Possible side effects from disabling Timer 0 Overflow Interrupt?

Hi there!

Could someone please elaborate on the side effects of disabling Timer 0 overflow interrupt, like:




The reason is that T0 overflow interrupt is not playing nice with V-USB ONLY when using it on my PS3 (it works flawlessly on PCs and Macs): PS3 keeps reseting the USB port several times until it finally recognizes the USB device being emulated by the Arduino.

I've disabled that interrups and everything seems to be working properly, but I really would like to know if there's any hidden side effect from doing that!



The Timer 0 overflow interrupt is used by millis() and micros() to keep track of elapsed time. If you don't care about that, it won't matter. (That is, the values won't increment any more if you disable the overflow interrupt).

(edit) The figure returned from micros() will change a bit because it adds in the current timer amount, but it won't change a large amount.


I think I should care about it because I make use of delay() (which calls micros()) and millis() functions a lot.

The Arduino is playing as an USB adapter for classic controllers (NES, SNES, N64, GC, PS2, Sega Genesis...) and in order to correctly read controller data, I really have to rely on timing functions.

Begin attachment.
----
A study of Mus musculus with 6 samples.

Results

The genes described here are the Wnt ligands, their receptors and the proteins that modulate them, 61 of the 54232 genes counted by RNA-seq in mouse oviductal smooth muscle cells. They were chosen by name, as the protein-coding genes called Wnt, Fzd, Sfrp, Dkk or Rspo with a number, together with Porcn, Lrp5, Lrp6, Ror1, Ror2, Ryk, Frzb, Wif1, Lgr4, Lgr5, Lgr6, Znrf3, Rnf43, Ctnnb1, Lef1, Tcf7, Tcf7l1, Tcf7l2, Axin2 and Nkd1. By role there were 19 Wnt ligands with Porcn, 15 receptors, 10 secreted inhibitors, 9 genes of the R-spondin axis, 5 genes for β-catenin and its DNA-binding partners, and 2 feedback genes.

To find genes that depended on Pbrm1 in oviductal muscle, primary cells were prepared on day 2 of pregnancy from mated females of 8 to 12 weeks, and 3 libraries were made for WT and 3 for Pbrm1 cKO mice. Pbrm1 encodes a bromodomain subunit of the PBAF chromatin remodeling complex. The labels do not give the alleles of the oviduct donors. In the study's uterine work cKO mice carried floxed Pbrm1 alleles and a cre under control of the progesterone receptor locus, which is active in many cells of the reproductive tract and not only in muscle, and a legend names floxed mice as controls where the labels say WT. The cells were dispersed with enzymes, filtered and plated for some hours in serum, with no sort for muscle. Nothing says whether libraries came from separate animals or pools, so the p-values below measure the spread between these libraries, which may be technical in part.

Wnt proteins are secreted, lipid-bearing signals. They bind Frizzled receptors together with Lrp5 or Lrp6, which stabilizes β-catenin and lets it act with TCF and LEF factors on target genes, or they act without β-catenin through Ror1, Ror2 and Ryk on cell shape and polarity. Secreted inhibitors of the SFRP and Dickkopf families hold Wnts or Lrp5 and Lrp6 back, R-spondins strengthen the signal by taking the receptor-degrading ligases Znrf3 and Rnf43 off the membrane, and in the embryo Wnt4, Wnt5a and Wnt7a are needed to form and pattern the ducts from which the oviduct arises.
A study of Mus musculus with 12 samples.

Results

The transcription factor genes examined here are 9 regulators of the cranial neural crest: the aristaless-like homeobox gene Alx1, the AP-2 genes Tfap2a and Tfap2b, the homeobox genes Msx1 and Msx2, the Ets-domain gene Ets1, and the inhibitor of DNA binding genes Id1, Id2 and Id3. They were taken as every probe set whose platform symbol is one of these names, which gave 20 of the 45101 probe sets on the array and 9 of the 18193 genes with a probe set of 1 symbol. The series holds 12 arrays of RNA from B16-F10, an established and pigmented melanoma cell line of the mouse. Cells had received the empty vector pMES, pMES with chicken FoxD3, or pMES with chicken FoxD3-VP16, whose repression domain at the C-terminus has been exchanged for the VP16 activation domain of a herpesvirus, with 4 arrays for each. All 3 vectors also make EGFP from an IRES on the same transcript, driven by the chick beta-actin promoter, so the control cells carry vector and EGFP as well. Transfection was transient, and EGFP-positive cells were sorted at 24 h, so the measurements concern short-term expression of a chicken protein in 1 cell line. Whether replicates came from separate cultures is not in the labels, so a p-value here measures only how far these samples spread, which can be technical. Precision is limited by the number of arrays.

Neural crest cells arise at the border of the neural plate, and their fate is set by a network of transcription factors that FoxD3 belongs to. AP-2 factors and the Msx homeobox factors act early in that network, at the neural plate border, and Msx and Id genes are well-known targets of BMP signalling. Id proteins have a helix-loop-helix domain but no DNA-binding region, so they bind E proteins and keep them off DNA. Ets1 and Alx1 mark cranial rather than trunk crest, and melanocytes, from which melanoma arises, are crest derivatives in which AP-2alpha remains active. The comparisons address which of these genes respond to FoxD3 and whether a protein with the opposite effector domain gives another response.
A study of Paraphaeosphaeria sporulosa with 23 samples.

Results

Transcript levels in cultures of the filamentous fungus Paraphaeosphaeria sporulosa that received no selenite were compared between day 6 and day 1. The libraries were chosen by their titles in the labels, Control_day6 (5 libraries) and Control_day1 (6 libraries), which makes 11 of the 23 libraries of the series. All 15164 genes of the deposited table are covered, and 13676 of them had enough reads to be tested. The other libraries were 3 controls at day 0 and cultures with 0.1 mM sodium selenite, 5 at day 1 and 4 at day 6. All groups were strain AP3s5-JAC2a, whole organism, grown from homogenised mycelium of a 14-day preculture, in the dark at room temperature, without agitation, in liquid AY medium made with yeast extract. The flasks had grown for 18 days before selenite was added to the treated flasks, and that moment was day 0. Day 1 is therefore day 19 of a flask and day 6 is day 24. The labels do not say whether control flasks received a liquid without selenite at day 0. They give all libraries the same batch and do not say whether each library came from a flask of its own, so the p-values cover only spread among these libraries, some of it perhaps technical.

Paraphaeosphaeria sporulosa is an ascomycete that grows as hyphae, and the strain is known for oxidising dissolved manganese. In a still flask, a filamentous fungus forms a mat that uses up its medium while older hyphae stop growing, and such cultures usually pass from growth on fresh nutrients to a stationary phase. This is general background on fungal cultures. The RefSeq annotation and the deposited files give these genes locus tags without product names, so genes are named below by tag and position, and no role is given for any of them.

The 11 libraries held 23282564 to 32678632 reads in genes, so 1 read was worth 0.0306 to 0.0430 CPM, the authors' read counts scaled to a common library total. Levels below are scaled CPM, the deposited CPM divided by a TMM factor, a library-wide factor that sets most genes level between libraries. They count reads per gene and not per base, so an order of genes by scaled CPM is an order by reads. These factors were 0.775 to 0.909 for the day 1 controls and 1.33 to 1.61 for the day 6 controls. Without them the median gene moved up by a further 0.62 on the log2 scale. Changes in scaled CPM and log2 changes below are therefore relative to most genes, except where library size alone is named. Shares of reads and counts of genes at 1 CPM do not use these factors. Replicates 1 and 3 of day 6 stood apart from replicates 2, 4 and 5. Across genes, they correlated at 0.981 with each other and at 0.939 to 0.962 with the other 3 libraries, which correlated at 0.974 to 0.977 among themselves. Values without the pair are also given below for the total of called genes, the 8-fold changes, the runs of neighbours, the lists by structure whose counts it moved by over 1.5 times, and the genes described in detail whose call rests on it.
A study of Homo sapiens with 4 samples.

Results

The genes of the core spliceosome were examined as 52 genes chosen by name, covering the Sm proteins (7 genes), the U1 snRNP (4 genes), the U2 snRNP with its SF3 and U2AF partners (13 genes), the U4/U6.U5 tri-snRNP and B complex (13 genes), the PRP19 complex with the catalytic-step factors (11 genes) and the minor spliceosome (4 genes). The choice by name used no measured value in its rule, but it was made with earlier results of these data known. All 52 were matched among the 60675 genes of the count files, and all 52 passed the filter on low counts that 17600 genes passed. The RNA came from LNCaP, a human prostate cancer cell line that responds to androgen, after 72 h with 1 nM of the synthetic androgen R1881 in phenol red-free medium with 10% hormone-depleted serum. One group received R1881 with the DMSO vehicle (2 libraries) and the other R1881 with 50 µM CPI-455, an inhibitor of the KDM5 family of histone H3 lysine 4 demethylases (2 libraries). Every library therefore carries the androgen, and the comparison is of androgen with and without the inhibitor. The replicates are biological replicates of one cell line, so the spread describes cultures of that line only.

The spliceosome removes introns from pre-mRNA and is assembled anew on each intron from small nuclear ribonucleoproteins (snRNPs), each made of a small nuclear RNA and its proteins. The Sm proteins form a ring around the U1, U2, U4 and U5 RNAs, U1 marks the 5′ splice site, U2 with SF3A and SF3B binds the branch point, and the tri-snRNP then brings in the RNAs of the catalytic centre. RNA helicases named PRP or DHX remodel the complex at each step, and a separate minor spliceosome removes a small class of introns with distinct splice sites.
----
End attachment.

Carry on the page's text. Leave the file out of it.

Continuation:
And the weird part is that everything seems to be working fine with that interrupt disabled!!!

Does that interrupt affect millis() function? I'm asking because I can see a reference to "timer0_overflow_count" only inside micros() function...

Thanks for the quick reply!


    // copy these to local variables so they can be stored in registers
    // (volatile variables must be read from memory on every access)
    unsigned long m = timer0_millis;
    unsigned char f = timer0_fract;

    m += MILLIS_INC;
    f += FRACT_INC;
    if (f >= FRACT_MAX) {
        f -= FRACT_MAX;
        m += 1;

    timer0_fract = f;
    timer0_millis = m;

The "output" from the Timer 0 overflow are the updated variables: timer0_fract, timer0_millis and timer0_overflow_count.

millis() returns timer0_millis.

You say it is "working fine". Well that's OK then. But it may be working fine for reasons other than you think.

I doubt delay() will work very well. Try this:

void setup ()
  TIMSK0 &= ~_BV (TOIE0);
  Serial.begin (115200);

void loop ()
  delay (5000);
  Serial.println (millis ());

That prints a whole lot of zeroes (showing millis() is not incrementing) and the delays are a lot less than 5 seconds.

Thanks for your valuable input, Nick!

I will end up using another interrupt for V-USB instead of the default INT0.